Not to ruin the fun, but there are some things we need to know before heading to a Texas beach this summer. Galveston, for one, is worried about bacteria, and here's why we should be too.

The Galveston Health District is concerned about enterococcus, which they say is a bacterium that's common in rainwater runoff and comes from the gut of mammals.  To put it bluntly, cows and pets poop, and then heavy rains wash the waste off the land and into rivers and streams, and eventually it gets into larger bodies of water like the Gulf of Mexico.  And then it rubs up against us in our white bathing suits while we're swimming along the coast, and we wonder why the sexy suits turn greenish brown.  Gross!

The health officials in Galveston are taking samples regularly along 52 beach sites in Galveston County during peak beach season, and if the bacteria levels get too high, they close the beaches that are affected.  Infections are rare, they tell us.  So we're not to worry.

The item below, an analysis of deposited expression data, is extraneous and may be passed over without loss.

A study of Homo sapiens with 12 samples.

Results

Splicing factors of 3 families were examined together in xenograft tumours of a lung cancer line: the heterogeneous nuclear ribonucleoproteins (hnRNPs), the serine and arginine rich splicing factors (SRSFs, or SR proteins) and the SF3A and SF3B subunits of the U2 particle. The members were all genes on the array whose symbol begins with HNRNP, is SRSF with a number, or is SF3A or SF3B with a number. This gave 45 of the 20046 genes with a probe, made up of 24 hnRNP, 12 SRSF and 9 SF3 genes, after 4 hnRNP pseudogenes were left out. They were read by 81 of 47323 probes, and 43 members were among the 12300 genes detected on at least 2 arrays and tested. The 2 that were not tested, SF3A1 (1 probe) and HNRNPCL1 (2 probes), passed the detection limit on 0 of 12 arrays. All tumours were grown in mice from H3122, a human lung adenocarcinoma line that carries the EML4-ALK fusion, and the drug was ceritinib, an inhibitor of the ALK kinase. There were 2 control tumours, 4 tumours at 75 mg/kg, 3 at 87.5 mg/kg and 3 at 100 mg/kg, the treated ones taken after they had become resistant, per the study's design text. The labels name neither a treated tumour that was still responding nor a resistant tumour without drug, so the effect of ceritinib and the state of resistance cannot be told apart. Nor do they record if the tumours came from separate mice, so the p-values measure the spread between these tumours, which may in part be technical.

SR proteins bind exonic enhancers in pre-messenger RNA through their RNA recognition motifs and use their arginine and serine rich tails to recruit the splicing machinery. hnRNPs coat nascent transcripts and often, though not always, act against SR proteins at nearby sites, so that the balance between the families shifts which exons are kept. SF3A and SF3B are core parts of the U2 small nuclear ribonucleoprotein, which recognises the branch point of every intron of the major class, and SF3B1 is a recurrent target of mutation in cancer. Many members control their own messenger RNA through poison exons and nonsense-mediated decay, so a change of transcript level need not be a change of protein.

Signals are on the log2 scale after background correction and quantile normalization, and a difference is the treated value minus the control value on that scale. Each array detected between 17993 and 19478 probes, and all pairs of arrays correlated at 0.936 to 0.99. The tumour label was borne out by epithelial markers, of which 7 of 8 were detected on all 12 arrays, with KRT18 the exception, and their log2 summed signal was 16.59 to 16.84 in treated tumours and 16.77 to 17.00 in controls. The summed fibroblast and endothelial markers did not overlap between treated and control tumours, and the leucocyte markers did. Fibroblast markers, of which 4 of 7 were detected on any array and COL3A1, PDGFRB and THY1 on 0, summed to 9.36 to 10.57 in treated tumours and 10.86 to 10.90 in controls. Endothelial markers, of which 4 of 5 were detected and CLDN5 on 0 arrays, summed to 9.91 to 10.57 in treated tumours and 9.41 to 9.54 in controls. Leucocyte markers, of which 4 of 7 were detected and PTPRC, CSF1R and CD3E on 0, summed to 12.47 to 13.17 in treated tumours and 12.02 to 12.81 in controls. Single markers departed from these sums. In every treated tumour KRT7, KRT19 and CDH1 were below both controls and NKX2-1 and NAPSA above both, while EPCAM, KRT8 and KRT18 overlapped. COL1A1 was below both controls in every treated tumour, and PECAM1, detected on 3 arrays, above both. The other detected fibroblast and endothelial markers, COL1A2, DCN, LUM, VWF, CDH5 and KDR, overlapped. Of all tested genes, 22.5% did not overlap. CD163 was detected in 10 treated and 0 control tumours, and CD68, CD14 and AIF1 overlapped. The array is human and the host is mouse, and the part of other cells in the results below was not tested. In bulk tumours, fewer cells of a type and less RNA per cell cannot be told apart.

If you are worried, Texas Beach Watch is devoted to posting bacteria levels for our favorite Texas beaches, and keeping us all up to date on which ones to avoid.  They cover dozens of beaches all along the Gulf Coast, from south of Beaumont, almost to Mexico, and they use icons that look like traffic lights, so we know if a beach on a certain day is green, yellow, or red.  If it's green, then chances are slim that our white bathing suits will turn brown.  If it's red, the beach is likely closed til the bacteria dissipates.

The conditions that can come from bacteria in rivers, lakes, oceans, pools, and swimming holes could surely make summer a little less fun.  The symptoms for various swimming-related diseases range from a little itching, to more serious cases of fever, diarrhea, vomiting, and other more invasive things that could even land us in the hospital.

Anyone else want to live in denial?  That might be the most fun and carefree way to hit the beach, but the responsible thing would be to stay informed.  Now go have a blast this summer!